In all of Arthurian legend, the most famous of the Knights of the Round Table is undoubtedly Sir Lancelot. This series, painstakingly researched by the History and Literature Departments of...
Sir Richard is about to marry Lady Margaret, but on his way is waylaid and left for dead, as a double arrives in his place. The double is Sir Alfred, son of scheming Sir John. When Lancelot arrives, ...
A long-running series of adventures featuring Robin of Loxley - Robin Hood - and his group of Sherwood-Forest-based freedom fighters. Robin and his men protected England from the evil ... See full summary »
The adventures of Sir Francis Drake during the 1500's. Sir Francis is probably one of the most famous explorers of the high seas. The twenty six episodes of the series are about his ... See full summary »
Sir Percy Blakeney, Bart., is a notorious fop and hedonistic member of the Prince Regent's court, but he is secretly "the Scarlet Pimpernel", a mysterious figure who rescues innocents from ... See full summary »
Stanley Van Beers,
In all of Arthurian legend, the most famous of the Knights of the Round Table is undoubtedly Sir Lancelot. This series, painstakingly researched by the History and Literature Departments of Oxford University, re-creates some of the notable exploits of the famous knight, as well as the deeds of the other members of King Arthur's court. Written by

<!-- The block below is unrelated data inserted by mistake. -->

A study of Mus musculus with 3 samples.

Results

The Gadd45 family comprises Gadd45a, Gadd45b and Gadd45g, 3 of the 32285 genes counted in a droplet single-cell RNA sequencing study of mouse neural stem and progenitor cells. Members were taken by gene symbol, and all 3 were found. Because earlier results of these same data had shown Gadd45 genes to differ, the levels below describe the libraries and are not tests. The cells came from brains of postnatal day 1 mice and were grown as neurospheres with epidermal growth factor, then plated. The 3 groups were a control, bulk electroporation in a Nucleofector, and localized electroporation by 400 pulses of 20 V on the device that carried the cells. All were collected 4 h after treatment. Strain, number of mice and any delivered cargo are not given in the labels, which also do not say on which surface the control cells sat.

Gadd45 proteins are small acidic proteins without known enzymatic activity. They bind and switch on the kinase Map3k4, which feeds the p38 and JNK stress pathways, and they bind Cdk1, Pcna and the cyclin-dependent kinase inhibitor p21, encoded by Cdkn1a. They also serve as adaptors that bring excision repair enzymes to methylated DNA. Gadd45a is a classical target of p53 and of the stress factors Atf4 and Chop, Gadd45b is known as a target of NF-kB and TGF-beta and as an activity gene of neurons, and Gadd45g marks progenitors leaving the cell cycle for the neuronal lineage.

Jean-Marc Rocher <firstname.lastname@example.org>
On the opening sequence for the black and white episodes, Lancelot begins his charge with a dark shield and his horse is also cloaked in dark colors. When the camera cuts to a longer shot, both the shield and horse cloak are light colors. See more »
I'm not sure who it was who said that the most important historical fact in the 20th century is that the UK and the USA spoke the same language, albeit very differently.
As in our first full decade of television, in the fifties, the British went back to their past and crafted a nice series of adventure programs for the kids and occasionally the grownups. We in American had westerns, over in the UK I guess you could call them "medievalers."
Although The Adventures of Robin Hood was the most popular, probably due to the presence of Richard Greene who had a good list of film credits and was popular here before, other shows got exposure in America at that time.
The Sir Lancelot show was one of those. I had a play collection of knights at the time this came out. William Russell was a stalwart Sir Lancelot who did battle with all kinds of villainy for 30 minutes every week. I used to repeat those programs with my knights.
It was good to see those shows then, it gave Americans a fine appreciation of British culture.